The Eusocial Animals

This page leads you to pages covering the diversity of eusocial animals, those with permanently sterile worker castes. These are mostly insects; the two exceptions are certain kinds of shrimp and the naked mole rats, burrowing mammals found in tropical and subtropical Africa. The evolution and behavior of eusocial animals provides many of the most complicated and intriguing puzzles in biology.

Do the workers in eusocial colonies give up their reproductive capacity willingly, as a a result of natural selection which favors helping over reproduction? Or, do their own parents rob them of their reproductive capacity in order to create unwilling workers? Once permanent sterilility is established, these animals have no option, in terms of gaining fitness, but to become workers and to help in their parent's nest.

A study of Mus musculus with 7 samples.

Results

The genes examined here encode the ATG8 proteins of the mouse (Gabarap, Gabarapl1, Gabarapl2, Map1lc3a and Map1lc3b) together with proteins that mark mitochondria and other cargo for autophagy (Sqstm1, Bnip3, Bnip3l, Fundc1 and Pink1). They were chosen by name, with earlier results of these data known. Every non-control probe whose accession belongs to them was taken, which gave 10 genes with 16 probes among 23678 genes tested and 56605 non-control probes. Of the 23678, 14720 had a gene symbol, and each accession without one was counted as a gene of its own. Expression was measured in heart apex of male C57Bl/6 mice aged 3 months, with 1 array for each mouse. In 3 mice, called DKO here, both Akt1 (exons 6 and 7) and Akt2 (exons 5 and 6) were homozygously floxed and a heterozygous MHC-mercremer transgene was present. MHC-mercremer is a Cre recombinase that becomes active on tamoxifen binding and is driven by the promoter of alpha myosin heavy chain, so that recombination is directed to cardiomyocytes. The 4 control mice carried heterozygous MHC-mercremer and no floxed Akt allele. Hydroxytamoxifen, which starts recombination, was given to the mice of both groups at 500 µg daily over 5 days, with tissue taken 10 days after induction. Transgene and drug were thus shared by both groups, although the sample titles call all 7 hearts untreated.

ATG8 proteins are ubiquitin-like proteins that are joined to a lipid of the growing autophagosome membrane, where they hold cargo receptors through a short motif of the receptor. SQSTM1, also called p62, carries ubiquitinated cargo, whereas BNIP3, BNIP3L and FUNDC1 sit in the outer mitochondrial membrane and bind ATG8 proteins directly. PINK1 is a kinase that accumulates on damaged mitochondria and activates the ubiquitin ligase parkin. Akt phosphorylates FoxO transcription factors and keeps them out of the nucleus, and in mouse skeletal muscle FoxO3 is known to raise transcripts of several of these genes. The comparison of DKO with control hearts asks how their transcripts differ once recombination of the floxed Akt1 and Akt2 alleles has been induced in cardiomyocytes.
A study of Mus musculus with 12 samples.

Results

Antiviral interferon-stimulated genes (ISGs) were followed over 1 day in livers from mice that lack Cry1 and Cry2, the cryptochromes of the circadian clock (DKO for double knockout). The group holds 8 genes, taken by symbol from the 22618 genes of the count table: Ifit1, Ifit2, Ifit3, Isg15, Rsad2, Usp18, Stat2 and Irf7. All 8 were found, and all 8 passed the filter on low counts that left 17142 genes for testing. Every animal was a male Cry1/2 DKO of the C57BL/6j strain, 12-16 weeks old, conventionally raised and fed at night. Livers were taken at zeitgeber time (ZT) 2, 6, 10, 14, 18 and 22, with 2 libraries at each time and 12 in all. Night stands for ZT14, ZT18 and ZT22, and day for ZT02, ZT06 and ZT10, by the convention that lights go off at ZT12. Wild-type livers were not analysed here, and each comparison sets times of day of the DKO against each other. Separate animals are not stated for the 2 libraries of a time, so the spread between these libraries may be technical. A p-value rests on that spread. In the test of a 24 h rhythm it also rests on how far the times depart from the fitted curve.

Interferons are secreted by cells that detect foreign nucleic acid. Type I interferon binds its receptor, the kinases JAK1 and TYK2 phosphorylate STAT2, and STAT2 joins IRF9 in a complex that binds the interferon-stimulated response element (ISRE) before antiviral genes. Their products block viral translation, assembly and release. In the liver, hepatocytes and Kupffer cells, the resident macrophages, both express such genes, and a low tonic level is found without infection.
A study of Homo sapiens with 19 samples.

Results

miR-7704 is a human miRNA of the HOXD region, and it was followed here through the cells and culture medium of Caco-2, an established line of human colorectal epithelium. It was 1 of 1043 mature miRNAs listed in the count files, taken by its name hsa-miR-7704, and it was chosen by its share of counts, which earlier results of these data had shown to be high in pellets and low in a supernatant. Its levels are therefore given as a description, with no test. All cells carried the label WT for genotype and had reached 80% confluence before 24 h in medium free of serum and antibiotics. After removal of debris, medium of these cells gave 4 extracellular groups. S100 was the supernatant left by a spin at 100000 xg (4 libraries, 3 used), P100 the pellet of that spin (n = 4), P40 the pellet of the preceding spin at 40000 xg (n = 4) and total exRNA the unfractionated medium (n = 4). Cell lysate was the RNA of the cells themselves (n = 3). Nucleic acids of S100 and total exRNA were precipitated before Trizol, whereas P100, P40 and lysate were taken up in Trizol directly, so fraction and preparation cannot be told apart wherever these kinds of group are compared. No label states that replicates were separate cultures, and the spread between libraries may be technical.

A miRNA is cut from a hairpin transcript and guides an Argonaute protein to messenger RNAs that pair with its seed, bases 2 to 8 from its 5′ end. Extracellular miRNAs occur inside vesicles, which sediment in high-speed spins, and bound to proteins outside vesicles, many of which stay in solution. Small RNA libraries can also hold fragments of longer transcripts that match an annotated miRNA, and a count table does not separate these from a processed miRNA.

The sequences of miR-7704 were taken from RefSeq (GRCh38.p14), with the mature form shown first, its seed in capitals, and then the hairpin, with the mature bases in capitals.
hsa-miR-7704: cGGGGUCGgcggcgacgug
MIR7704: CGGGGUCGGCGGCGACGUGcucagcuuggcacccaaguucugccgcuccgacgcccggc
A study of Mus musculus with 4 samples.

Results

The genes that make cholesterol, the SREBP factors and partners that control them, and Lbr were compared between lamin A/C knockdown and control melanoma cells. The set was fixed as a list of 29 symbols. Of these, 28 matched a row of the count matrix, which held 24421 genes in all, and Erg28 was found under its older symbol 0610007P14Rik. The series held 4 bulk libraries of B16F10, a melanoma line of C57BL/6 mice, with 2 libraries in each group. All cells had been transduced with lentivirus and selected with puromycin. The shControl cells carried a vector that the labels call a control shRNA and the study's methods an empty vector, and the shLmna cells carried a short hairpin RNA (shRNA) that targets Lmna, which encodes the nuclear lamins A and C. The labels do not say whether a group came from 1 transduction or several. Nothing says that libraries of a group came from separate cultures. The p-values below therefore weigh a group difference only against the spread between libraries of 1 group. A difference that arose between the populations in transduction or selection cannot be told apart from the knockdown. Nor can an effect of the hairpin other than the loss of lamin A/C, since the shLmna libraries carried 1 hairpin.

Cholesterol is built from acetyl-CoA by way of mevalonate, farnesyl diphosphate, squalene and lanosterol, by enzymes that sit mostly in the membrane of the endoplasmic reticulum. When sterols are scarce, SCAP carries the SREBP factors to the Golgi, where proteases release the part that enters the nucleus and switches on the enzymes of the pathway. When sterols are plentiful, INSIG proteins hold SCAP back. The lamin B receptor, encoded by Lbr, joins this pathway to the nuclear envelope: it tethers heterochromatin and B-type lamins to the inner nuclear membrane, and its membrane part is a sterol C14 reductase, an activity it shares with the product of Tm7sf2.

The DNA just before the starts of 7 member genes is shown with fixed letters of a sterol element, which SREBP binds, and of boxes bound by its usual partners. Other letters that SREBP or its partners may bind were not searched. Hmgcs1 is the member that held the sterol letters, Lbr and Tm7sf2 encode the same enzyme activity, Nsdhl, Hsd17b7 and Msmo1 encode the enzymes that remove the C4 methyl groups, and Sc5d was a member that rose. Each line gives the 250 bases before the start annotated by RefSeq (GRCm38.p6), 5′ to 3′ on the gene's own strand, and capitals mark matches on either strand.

Many other birds and mammals have life histories in which young serve as "helpers at the nest"; instead of attempting to establish their own nest and reproduction (for more on this type of helping,, see the section on "Cooperation among kin" at the beginning of this chapter). Eusociality and helping at the nest have the same evolutionary underpinnings, and may be thought of as points along a continuum of cooperation among relatives.

The links below lead to pages on each of the major kinds of eusocial animals. These, in turn, lead to pages dealing with the major properties of each kind of animal--diversity, caste, division of labor, communication, and reproduction.